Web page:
An integral part of the Oxford program is experiencing the tutorial system, the characteristic form of undergraduate instruction at Oxford University. Stanford students have often described the experience as "the single most challenging, yet rewarding academic experience" that they have had while an undergraduate at Stanford. Tutorials give you an opportunity to explore a subject one-on-one, in depth, with a professor within that respective field.
University of Oxford & Tradition of Tutorials
Tutorials are a fundamental element of study at the University of Oxford. Tutorials are taught one-to-one, or two-to-one, between yourself and a professor or researcher at Oxford who is a specialist in your area of interest.
Most tutorial courses of study are composed of 1 hour of contact with the tutor, and 20 hours of independent study under the tutor’s guidance each week. The hours of independent study can be composed by reading assignments, lecture attendance, practical experience in museums or lab groups, and work composition such as essay writing or problem solving. Most tutorials require a 2,000 word essay to be presented every week by the student for feedback and comment from the tutor. This means that the tutorial will usually produce approximately 14,000 words of written work.
Your passion for your chosen subject is the key to excelling in this method of learning. The one-to-one structure allows attention to your knowledge and ideas; they can be developed thoroughly and guidance. The intimacy of tutorial provides effective in-depth discussions of the subject at hand. Tutors give personalised feedback and guidance which can be an invaluable tool for academic development, even beyond your graduation from Stanford.
- To understand more about the undergrad courses and structure offered at the University of Oxford see here.
- For more details about this historic method of study, see David Palfreyman’s The Oxford Tutorial, available in hard copy in BOSP and here.
Hours of Study
The amount of time available for independent study can be daunting, but learning to manage your free time is a useful life skill, and the flexibility of tutorial commitments also allows individualized structure for your needs and interests. You can see some examples of student time tables here.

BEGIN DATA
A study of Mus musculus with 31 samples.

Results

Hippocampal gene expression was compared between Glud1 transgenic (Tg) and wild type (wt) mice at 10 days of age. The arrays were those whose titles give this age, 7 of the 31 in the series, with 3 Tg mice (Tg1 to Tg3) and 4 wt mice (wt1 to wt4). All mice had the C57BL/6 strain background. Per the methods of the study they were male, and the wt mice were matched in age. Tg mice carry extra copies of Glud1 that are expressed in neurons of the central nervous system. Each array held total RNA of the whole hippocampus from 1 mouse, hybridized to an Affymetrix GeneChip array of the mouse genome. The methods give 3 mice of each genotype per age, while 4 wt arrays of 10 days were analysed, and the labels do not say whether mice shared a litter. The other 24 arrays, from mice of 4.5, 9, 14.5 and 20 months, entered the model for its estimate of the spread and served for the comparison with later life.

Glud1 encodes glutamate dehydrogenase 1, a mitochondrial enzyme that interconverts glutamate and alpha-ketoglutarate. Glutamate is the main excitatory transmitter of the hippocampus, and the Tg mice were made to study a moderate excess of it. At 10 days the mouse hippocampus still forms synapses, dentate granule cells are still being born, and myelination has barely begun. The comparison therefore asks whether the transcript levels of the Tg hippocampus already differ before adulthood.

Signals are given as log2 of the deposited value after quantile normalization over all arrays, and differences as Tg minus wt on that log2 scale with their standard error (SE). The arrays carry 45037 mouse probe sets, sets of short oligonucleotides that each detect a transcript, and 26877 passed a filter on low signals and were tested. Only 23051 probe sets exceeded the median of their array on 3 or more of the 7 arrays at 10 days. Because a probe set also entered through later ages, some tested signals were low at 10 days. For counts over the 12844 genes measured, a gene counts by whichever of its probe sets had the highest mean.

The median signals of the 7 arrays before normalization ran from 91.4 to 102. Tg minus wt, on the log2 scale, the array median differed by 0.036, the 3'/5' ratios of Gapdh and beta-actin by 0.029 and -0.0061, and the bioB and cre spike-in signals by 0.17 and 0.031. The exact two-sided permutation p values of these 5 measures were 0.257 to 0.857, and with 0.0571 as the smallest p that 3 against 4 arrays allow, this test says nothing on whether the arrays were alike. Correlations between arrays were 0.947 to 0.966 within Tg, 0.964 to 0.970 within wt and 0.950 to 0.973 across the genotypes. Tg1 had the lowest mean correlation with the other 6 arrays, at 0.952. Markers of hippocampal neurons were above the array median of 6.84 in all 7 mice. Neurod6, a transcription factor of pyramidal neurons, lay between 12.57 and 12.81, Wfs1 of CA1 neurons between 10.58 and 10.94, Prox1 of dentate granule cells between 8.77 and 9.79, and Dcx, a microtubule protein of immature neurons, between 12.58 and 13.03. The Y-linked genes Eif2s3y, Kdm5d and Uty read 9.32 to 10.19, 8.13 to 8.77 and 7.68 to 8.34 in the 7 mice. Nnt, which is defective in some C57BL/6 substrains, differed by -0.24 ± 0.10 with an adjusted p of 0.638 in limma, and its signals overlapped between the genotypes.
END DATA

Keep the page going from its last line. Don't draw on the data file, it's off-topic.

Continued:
The tutorial and the application process
As part of your Oxford application, you should describe an academic subject you are passionate about. This is not a tutorial proposal, it is a statement that allows the Oxford Centre to assess how your academic passions are developed (through past courses, independent studies, and projects) and how much forethought and commitment you have invested in your studies through conversations with faculty and mentors. You will not be expected to pursue a tutorial in the same subject area you describe in the application.
After you have been accepted to the program, in the quarter before you travel to Oxford, you will be asked to choose a tutorial topic. Thus, once you know that you are going, it is a good time to start consulting your faculty advisors and the resources here so that you can choose with confidence.
Finalizing a Tutorial
If accepted into the Oxford program, you will complete the tutorial choice form. In order to fill it in, you should refer to the Tutorial Guide pages and consult with the Director and your advisors.
Once a tutorial has been arranged, it is very difficult to change it except in exceptional circumstances. If you wish to make a change after the BOSP campus orientation, you must submit the Petition to Change Tutorials.
Academic department policies vary with respect to the number of units that may be valid for credit towards a major or minor. These issues should be discussed with departmental advisors prior to departure. Tutorials are NOT the same as work towards an honours thesis (though they can contribute to one).
It is not possible to enrol in two tutorials during your first quarter in Oxford. This is because two tutorials are more challenging, leave less time to socialise with fellow Stanford students on the program, limit your opportunity to fully experience Oxford student life and can be a very solitary and stressful pursuit.
Students in their second quarter in Oxford who wish to enroll in two 6-unit tutorials are able to do so. If this applies to you, you should consult with the Director during the previous term and then submit your two choice forms no later than Friday of fifth week in the preceding term.
Directed readings can be organized for students wishing to study with local (Oxford) faculty on an ancillary project that complements their overall degree plan. Directed reading proposals must be submitted along with tutorial choice form, in the quarter prior to departure.
Studying a Language
Many students do not want to lose their language proficiency while abroad, and if this is a concern for you please contact the centre. Non-credit bearing language study can be arranged for students in varying levels of intensity: joining local students for conversational practice at ‘Language lunches’; studying once or twice a week in Oxford language courses; working with a personal language tutor to meet your department’s syllabus needs so that you can re-enter in the following term without having lost ground.